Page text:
Rising teenage pregnancy deaths worry State

Sun, 29 Jan 2017 10:41:30 +0000



GOVERNMENT is worried about the increase in the number of adolescent girls dying as a result of teenage pregnancies, Health minister Chitalu Chilufya has said.

Dr Chilufya said that there were many adolescents who lost their lives because of the effects associated with teenage pregnancy.

Speaking at the 37th General Conference for Planned Parenthood Association of Zambia (PPAZ), Dr Chilufya said that adolescents posed a key challenge in Government’s provision of sexual reproductive health services.

Dr Chilufya pointed out that adolescents faced a lot of challenges during child delivery such as obstructed labour, pregnancy-induced hypertension and obstetric fistula.

He said that adolescents were more likely to be infected with HIV/AIDS and that even recent studies had proved so.

Dr Chilufya challenged PPAZ to be in the forefront supporting sexual anti-reproductive health for the girl child to minimise adolescent deaths.

“It is Government’s hope that your deliberations will come up with initiatives to minimise the number of adolescents dying as a result of teenage pregnancies. There are many adolescents who lose their lives because of the effects associated with teenage pregnancy” he said.

Meanwhile, PPAZ national chairperson Mary Zulu said that the association was ready to work with stakeholders having the mandate to address the reproductive health challenges faced by the Zambian people especially young people.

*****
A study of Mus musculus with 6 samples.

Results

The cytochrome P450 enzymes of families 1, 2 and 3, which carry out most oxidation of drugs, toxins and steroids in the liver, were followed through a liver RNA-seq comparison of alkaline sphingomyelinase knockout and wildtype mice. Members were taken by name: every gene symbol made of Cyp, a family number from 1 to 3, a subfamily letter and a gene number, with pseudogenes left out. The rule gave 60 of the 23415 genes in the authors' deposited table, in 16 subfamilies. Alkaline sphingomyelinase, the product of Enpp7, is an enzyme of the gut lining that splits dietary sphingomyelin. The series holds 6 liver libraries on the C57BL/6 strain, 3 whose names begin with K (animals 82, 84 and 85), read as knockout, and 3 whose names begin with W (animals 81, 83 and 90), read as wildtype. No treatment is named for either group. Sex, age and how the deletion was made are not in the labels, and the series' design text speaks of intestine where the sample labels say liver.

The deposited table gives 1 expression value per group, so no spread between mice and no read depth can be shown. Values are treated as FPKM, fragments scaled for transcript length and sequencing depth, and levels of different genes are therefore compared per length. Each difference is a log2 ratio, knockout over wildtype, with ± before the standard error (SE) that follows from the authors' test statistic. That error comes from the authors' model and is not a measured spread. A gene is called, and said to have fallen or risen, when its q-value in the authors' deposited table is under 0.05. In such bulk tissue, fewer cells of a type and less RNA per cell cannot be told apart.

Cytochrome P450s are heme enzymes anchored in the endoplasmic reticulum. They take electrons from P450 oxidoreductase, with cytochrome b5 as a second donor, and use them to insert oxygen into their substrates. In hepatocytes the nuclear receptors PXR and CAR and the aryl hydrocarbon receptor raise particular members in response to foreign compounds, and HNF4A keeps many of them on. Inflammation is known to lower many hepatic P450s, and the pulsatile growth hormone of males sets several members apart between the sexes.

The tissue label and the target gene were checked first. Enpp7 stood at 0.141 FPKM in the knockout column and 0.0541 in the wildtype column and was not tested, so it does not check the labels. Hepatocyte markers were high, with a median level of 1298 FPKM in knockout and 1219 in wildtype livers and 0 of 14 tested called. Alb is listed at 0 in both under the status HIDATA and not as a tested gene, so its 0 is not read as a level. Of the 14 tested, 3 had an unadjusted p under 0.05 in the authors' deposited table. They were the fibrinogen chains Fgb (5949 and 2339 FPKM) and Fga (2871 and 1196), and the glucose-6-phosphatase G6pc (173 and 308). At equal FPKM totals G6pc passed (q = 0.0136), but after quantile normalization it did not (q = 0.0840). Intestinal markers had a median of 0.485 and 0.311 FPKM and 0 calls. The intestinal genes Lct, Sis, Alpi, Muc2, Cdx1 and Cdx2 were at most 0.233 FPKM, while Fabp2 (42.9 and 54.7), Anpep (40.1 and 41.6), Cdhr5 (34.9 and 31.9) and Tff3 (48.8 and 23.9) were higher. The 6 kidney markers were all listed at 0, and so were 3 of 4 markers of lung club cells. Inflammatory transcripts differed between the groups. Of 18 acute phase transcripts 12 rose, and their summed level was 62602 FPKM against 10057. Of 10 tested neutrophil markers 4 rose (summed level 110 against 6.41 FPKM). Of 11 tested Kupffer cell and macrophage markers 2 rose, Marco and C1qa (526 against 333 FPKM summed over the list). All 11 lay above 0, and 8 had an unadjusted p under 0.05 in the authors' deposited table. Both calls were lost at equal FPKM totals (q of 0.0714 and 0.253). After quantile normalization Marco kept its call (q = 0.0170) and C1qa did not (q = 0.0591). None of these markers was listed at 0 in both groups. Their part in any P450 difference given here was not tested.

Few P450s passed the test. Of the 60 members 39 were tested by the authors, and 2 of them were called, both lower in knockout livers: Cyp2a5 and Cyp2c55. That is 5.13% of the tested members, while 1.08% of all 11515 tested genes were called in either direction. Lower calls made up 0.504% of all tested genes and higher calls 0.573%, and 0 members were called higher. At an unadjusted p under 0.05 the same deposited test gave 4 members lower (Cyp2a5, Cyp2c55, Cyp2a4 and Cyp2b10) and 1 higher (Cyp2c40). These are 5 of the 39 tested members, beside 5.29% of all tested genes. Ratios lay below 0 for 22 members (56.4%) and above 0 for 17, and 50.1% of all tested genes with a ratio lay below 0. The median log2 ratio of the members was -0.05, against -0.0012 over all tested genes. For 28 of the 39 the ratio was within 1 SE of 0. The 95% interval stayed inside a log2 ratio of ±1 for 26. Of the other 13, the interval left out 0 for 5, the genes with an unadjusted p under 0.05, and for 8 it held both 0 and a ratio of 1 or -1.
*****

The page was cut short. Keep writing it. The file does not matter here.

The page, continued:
Dr Zulu stressed the need to ensure that women and men continued to build on issues of sexual and reproductive health.

She said that the association would continue supporting ways to prevent early and unintended pregnancies and other health challenges.

Dr Zulu pointed out that child marriages remained a serious obstacle to the realisation of all rights for young people especially adolescent girls.

She warned that child marriages had a direct and negative impact on the education, health, social status and dignity of adolescent girls.

Dr Zulu said that PPAZ stood united to curb child marriages, unintended pregnancies, gender based violence, including sexual violence.

She explained that the vices increased vulnerability to HIV/AIDS, cervical cancer and Sexually Transmitted Infections (STD).

“We cannot achieve all this alone but with continued support we shall reach the highest unmet sexual and reproductive health needs among the marginalised and most vulnerable populations in the communities” said Dr Zulu.